280 Curtin to Attlee
Cablegram 244 CANBERRA, 16 September 1943
Your D.650 and D.651. 
It appears to us  that the positive value of a declaration of
the nature proposed lies in the fact that the three main Military
powers, viz., British Commonwealth, United States and Soviet
Russia, would definitely commit themselves to post war
collaboration, and to policing the peace settlement.
2. But the terms of the obligations are of such a nature that it
is extremely doubtful whether China could be regarded as capable
of fulfilling them. For this reason the declaration might lose
much of its positive effect, if China is included.
3. It may have been politic from the point of view of public
opinion in the United States that China should be proposed as a
party to the declaration. It is noticeable that it is not proposed
that China should be represented at the Three Power Conference
where the proposed declaration is to be listed and we doubt the
inclusion of China in the declaration.
4. From the point of view of effectiveness, of weight, and of
avoidance of future difficulties we believe that the three major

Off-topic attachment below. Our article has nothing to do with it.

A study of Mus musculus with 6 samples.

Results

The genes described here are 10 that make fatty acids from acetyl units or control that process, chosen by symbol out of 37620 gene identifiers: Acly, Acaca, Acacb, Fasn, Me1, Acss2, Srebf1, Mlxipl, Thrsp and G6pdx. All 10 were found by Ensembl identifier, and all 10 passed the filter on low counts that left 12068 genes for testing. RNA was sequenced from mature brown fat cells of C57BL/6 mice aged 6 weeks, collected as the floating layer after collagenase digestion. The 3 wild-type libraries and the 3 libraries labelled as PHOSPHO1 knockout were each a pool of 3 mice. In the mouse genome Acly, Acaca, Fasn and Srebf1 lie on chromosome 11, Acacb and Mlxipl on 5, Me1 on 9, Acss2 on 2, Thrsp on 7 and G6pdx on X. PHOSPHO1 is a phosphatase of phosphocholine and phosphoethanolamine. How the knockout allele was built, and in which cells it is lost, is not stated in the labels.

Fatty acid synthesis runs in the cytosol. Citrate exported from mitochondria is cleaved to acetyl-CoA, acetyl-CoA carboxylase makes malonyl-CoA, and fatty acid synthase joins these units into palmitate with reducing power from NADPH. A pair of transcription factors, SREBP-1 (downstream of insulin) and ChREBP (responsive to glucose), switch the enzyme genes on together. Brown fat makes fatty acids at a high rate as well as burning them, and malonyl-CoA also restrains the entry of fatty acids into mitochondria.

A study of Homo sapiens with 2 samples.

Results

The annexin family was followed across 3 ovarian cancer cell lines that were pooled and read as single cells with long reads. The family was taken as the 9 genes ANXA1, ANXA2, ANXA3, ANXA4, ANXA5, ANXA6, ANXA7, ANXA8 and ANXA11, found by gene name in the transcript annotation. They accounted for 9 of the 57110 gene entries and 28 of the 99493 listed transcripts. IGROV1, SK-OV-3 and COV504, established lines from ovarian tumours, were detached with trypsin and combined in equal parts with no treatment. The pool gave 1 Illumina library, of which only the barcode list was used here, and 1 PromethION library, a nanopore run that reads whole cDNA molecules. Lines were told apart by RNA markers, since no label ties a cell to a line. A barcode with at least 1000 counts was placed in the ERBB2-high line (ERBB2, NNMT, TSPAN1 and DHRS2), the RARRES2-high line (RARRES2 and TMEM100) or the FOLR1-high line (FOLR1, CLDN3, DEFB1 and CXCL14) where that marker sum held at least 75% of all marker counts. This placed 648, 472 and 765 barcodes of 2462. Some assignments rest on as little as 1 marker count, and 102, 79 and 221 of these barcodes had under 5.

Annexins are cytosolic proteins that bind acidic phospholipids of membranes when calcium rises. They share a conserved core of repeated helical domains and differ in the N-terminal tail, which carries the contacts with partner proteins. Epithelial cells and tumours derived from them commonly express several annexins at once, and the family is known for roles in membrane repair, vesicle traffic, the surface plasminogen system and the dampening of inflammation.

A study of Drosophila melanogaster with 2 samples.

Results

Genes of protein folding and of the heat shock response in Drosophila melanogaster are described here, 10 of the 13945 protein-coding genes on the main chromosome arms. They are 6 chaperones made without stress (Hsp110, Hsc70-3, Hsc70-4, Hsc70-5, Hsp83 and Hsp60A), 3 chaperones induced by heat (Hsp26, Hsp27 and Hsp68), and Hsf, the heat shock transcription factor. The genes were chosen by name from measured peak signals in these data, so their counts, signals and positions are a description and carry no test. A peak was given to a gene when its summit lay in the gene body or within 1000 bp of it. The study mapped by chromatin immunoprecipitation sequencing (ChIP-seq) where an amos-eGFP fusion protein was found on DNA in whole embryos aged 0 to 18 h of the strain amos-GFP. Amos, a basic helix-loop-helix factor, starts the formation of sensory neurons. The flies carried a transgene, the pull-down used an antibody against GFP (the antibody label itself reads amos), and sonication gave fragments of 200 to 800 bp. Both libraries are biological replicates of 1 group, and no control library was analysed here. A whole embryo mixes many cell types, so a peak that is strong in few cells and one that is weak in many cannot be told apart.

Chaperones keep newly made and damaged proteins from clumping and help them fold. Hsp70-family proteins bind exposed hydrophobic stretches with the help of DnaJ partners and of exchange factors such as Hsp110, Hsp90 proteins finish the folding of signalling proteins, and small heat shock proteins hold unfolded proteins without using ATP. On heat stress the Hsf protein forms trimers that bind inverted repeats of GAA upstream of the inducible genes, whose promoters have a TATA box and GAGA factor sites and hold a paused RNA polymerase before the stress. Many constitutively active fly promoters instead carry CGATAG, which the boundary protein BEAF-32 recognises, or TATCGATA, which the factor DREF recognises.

powers only should be associated, viz., the United States, the
British Commonwealth of Nations, and the Soviet Union. We
appreciate that this entails prior agreement between the members
of the British Commonwealth, but if they cannot agree amongst
themselves it is obvious that wider agreement is impossible.
5. As to the terms of the proposed declaration-
(a) We agree to your amendment para 3.
(b) We agree to your first proposed amendment para 4. We are not
prepared to agree to your second suggested amendment to para 4.
The words 'peace loving' and 'just part' may give rise to untold
difficulties. They may well be regarded as permanently excluding
present enemy powers from future participation and also as
contradicting a basic principle of International Law -viz., the
general principle of equality of States.
6. We regard paragraph 5 as of crucial importance. We consider
that in order to agree to it, Australia should either separately,
or as part of the British Commonwealth of Nations, be definitely
included as one of the parties to act on behalf of the community
Appropriate drafting should make it certain that Australia is
included in the connotation of the community of nations. Our view
is that in this and analogous matters, it is desirable to give
recognition to the British Dominions who have contributed so much
to the Empire War Effort during the past four years.
The view is held to some extent in Australia that this principle
is very important, otherwise our status may decline to the
position existing before the Treaty of Versailles in 1919. It is
desirable to keep in mind that in 1926 the Balfour Declaration 
asserted the equality of status of British Dominions with the
United Kingdom in External Affairs.
7. Paragraph 5 of the Declaration goes to the root of the
proposal. We therefore regard it as essential that the views we
have expressed in paragraph 6 of this message should be given
effect to in form as well as in fact.